Our Tacoma Staff Helps Our Clients with Lawsuit Settlement Agreements
By Kelsey Frey and Alicia David
Congratulations! You’ve just settled your case. Now what? First, one of the two following things will happen:
1) The insurance company will send both the settlement check and release of all claims; or
2) The insurance company will send the release first, wait until they receive the signed release back, then send out the settlement check.
Someone from our office will call and let you know that the release and check are in, and will make arrangements with you to sign.
When you are signing the check and release, we will also have you sign a W-9 form. The W-9 form is for the Internal Revenue Service (IRS) because the interest you earn while your settlement money is held in trust is considered taxable income.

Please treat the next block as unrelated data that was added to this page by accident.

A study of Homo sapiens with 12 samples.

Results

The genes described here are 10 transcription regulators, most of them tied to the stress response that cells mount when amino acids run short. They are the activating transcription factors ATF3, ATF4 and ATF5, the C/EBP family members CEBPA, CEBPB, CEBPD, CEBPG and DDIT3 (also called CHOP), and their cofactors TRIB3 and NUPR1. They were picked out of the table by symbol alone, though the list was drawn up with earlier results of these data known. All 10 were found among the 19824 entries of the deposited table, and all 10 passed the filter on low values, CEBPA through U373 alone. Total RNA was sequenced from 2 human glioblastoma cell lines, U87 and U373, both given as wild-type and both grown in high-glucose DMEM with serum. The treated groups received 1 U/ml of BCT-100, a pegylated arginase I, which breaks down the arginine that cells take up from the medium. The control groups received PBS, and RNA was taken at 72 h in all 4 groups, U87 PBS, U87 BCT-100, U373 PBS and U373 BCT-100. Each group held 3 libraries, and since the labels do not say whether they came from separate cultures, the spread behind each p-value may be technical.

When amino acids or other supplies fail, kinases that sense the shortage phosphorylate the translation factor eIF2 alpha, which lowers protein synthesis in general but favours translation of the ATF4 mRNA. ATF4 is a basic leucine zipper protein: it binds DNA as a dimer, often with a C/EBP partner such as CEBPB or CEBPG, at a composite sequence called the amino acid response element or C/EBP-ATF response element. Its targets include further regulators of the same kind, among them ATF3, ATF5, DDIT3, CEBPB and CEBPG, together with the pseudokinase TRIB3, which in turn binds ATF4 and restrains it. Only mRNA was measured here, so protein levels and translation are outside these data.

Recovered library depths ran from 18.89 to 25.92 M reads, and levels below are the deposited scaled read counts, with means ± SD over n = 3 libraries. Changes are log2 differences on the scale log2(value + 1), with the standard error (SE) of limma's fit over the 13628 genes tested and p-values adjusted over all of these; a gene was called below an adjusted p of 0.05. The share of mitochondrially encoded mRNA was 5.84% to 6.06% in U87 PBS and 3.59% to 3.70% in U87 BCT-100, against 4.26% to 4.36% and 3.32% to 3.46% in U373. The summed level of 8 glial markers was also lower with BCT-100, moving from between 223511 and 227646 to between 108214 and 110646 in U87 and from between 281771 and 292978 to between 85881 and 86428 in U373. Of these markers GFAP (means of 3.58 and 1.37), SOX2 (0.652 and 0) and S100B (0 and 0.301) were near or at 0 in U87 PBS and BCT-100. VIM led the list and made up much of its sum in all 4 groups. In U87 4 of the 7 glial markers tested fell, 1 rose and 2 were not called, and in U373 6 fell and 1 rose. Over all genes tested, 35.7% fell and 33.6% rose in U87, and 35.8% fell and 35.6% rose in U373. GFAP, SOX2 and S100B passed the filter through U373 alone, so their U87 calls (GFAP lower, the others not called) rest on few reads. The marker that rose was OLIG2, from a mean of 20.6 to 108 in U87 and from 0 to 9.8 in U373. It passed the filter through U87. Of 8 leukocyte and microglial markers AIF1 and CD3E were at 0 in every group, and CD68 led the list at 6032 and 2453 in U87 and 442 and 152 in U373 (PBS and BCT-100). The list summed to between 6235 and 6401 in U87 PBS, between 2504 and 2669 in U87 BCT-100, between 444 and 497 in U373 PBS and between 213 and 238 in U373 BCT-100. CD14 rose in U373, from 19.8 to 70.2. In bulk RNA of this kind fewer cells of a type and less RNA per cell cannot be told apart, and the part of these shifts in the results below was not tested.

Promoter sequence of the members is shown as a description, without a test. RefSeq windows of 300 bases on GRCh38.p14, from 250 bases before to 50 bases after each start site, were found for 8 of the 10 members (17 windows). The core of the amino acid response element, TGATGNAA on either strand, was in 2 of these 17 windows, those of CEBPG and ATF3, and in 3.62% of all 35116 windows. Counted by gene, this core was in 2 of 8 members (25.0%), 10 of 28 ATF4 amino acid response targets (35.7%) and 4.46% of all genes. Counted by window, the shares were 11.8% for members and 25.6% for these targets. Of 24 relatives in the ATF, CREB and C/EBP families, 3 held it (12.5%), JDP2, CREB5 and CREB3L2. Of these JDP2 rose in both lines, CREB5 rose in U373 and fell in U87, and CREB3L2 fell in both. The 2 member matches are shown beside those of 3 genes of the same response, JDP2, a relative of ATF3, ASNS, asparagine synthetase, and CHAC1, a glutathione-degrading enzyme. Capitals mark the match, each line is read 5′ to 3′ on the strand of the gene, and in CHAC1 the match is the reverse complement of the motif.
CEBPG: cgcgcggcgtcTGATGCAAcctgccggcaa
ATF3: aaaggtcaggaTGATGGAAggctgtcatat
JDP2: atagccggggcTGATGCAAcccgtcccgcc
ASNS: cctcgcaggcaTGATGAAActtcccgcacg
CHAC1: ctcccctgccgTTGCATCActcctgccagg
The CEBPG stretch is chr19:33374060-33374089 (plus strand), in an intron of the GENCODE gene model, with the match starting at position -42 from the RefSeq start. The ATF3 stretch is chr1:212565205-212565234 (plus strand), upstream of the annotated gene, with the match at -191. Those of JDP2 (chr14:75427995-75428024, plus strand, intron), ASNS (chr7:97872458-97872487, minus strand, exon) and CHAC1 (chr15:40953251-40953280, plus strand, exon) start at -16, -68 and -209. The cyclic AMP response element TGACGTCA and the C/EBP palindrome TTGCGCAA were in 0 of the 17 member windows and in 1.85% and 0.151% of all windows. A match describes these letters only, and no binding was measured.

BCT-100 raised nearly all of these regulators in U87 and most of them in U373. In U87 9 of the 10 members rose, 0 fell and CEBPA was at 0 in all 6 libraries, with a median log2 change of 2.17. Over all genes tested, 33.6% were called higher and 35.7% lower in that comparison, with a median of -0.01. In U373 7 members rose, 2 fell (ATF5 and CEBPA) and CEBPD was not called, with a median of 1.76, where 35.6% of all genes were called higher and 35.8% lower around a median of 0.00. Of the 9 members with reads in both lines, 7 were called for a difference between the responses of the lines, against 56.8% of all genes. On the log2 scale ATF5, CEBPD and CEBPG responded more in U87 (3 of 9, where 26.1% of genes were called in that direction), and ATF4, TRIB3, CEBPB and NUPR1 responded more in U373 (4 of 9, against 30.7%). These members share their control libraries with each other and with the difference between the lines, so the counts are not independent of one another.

Also, if a portion of your settlement was allocated for wage loss, that portion is also taxable income.
It’s Important to Understand the Process Before Funds are Released
Once you’ve signed the release, check, and W-9, the check will be deposited into a trust account at our bank. The funds must remain in the trust account for at least 10 business days until the money has cleared.
Rule of Professional Conduct (RPC) 1.15A(h)(7) states, “a lawyer must not disburse funds from a trust account until deposits have cleared the banking process and been collected…”
The 10-business-day time period is the time frame recommended by the Washington State Bar Association and that is the procedure that our office follows.
While we are waiting to disburse funds to you, we will call your treating providers to find out if there are balances owing.
If you have PIP or health insurance, we will also find out what they have paid toward your treatment and confirm how much should be reimbursed.
Once the ten business days are up, we will call you to set up a time for you to come in and sign the settlement statement and pick up a check for your portion of the settlement. Checks will be cut from your settlement to medical facilities and health or PIP insurance to pay off balances owed for injury-related treatment.